The #MeToo movement is giving space to the usually voiceless women and men who fall to the power dynamics in the entertainment industry. While #TimesUp is calling for a change regarding sexual harassment and abuse, Cardi B is calling out the privilege and classism associated with the movements.
The rising star recently sat down with Cosmopolitan to discuss, among other topics, never toning down her large personality, her fiancé Offset’s alleged cheating scandals and why she is skeptical of the “commercial appeal” of the #MeToo movement. Cardi feels the movement excludes women in hip-hop who present their sexuality as a form of work.
Cardi is a former stripper from The Bronx, and she believes women like her won’t see the same change that those in Hollywood who are standing up for themselves will. “A lot of video vixens have spoke about this, and nobody gives a f**k,” she said. “When I was trying to be a vixen, people were like, ‘You want to be on the cover of this magazine?’ Then they pull their d**ks out. I bet if one of these women stands up and talks about it, people are going to say, ‘So what? You’re a ho. It don’t matter.’”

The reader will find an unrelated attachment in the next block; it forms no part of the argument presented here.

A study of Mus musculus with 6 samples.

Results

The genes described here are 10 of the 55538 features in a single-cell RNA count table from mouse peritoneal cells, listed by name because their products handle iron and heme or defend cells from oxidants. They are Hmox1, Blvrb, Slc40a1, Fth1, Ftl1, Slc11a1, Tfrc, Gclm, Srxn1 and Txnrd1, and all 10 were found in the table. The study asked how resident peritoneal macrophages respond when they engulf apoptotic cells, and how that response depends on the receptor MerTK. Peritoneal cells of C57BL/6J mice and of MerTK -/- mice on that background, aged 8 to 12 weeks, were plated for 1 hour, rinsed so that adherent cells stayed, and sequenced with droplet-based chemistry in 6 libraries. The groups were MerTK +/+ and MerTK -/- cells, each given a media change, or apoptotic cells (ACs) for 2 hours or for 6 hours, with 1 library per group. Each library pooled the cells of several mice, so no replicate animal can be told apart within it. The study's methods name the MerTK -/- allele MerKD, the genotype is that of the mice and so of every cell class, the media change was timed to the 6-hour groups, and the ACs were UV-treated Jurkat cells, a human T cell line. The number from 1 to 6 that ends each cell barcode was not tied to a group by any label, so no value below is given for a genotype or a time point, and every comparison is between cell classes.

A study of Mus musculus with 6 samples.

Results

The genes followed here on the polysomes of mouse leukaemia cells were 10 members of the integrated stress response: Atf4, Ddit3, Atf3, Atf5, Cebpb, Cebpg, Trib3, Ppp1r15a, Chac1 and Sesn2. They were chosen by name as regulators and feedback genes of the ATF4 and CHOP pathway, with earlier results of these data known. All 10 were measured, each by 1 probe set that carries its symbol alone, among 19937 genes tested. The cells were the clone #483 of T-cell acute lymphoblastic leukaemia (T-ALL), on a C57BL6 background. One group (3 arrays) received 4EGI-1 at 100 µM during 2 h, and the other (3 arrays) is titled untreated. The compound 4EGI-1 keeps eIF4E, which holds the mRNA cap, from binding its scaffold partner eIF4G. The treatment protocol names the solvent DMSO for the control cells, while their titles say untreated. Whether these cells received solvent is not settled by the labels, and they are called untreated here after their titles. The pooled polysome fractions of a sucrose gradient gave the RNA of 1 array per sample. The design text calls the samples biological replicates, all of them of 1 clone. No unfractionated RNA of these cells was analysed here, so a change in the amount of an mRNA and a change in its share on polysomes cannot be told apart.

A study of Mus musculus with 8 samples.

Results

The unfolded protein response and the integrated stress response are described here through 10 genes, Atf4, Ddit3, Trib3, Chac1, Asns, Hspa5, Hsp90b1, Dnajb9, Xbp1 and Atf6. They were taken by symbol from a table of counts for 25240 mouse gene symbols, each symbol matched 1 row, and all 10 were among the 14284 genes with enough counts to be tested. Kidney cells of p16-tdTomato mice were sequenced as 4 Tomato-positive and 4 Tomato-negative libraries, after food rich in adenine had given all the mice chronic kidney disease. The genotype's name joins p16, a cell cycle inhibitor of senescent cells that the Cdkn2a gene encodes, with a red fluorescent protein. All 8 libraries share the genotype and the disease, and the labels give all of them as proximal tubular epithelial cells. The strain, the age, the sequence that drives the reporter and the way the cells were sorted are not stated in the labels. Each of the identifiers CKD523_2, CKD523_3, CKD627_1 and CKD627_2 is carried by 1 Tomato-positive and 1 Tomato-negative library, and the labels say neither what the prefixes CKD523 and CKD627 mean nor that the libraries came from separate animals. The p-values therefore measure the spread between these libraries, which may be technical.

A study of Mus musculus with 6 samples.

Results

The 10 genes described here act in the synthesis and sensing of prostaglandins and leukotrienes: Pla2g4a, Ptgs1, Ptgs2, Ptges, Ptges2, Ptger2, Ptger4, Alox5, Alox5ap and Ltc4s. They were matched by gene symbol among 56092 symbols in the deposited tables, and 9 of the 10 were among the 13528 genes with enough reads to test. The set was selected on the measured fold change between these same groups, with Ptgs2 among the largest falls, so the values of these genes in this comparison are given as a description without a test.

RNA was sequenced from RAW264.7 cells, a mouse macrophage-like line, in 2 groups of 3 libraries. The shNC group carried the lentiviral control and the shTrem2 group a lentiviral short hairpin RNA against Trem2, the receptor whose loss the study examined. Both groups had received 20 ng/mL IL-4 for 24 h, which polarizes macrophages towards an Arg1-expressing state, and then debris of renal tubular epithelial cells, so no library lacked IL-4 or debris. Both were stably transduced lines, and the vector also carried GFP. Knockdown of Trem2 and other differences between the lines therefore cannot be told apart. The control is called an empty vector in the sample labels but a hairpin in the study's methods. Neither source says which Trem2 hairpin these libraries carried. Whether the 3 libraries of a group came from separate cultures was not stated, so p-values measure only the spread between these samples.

When it comes to the men who are coming out to support the movement, the “Bodak Yellow” rapper is cynical of them, too. Because these men have been quiet for some time, she feels their involvement is covering up their current fears. “These producers and directors,” she says, “they’re not woke, they’re scared.”
Now that Cardi B has the spotlight, she wants to continue to embrace her past as a stripper. People say, ‘Why do you always got to say that you used to be a stripper? We get it.’ Because y’all don’t respect me because of it, and y’all going to respect these strippers from now on,” she asserted.